From Nov. 12-18, Maryville College celebrated International Education Week, an event aimed at educating and recognizing international students and issues. The week was sponsored by the Center for International Education, Global Citizenship Organization, Peace & World Concerns, Cultural Ambassadors, Alliance for Youth Achievement, Peace Corps, Sisters in Spirit, Habitat for Humanity and Aramark.
Students and faculty participated in a variety of events that focused on opening conversation between students and faculty from the U.S. and international students. The week began with Pearson’s Dining Hall serving internationally-focused dishes. Students who contributed the various recipes were present at the dining hall to speak to students about the dishes and the culture behind them.
“I really liked how they got the international students involved. They had people from Rwanda standing next to the food in their traditional dress,” said GCO member Emily Medley. “I thought that it actually was better to have that focal point on the international students and I feel like this year, the international students were more involved. I remember the past couple years they asked us to give recipes to Pearson’s. I think it’s better that the students were more involved this year in presenting the food.”
A photo contest was held in Pearson’s Hall to showcase the various images of the international community. Categories include culture, nature and architecture among others. Students were able to vote in each category for which photo they like best, with the being revealed on Nov. 16.
“Love, Marriage, and Sex: An International Perspective,” another International Week event, took place on Tuesday in Bartlett Hall and examined different courtship and marriage practices among various cultures. Elizabeth Childress, an intern with GCO, moderated the event and a panel of six international students discussed their culture’s relationship practices. Members of the audience were able to ask panelists questions about their culture.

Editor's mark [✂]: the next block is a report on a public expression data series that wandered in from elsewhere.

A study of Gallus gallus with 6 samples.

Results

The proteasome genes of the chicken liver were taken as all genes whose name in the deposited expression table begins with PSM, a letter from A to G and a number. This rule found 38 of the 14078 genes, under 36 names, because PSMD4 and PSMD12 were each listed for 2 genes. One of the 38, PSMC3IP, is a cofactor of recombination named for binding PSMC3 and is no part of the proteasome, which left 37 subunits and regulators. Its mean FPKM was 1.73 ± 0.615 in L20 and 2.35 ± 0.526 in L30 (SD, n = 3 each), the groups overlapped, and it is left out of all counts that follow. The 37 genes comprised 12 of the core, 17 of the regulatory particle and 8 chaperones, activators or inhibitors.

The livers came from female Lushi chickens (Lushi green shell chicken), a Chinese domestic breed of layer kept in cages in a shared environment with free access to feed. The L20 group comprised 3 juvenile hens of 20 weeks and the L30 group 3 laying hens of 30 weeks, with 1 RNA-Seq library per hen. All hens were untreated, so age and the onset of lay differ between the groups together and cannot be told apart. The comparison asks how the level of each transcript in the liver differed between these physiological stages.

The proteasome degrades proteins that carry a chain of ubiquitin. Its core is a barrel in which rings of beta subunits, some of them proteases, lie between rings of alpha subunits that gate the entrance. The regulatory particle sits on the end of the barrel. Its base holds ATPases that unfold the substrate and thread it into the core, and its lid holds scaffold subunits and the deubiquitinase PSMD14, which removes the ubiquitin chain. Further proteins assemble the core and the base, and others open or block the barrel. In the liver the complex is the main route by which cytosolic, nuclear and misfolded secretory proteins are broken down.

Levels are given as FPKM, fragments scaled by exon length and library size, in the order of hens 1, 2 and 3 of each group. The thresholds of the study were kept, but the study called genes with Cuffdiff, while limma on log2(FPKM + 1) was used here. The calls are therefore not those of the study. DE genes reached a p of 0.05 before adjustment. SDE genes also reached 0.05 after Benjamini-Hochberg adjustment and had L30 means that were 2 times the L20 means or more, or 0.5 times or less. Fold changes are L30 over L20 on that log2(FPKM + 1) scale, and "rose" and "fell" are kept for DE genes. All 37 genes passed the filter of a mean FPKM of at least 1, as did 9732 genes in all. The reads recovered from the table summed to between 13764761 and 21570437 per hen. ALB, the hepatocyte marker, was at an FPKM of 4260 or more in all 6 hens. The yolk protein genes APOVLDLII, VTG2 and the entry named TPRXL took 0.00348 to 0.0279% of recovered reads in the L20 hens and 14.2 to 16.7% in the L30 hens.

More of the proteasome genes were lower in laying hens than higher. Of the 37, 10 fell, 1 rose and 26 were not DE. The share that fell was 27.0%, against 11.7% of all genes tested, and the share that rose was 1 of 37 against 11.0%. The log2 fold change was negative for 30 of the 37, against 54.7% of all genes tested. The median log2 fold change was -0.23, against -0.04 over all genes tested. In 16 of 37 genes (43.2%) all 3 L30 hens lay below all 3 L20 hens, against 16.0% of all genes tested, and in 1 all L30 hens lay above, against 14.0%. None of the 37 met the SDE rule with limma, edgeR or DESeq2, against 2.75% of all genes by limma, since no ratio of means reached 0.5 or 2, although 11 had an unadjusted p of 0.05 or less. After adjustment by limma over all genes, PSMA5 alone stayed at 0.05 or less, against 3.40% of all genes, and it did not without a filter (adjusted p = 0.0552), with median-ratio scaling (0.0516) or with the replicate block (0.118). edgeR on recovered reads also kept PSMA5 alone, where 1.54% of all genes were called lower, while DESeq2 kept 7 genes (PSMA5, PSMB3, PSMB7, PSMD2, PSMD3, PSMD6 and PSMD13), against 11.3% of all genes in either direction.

“A lot of times international students have a different perspective on what dating is,” said panelist Onyeka Ononye. “And when it comes to America, especially if they’re here for four years, it’s one of those culture shocks that they don’t necessarily get over because there is no place for them to talk about their different cultures and how that relates to dating, marriage and things like that.”
“It’s something that I talk about to my friends all the time — the concept of dating in America versus my country,” Ononye said. “And they always get so shocked and astonished by a lot of things that I tell them. I just thought it would be interesting to have to have other American students benefit from this.” The concluding event of the week was “Capture the Flag World Cup,” a risk style capture-the-flag tournament.
Students were able to sign up to play for one of six teams representing a variety of countries such as Russia or Brazil. The campus as divided into territories with each of the teams controlling one of the sections. “It’s a fun idea to interact with international students,” said Clara Lee, an MC student from South Korea.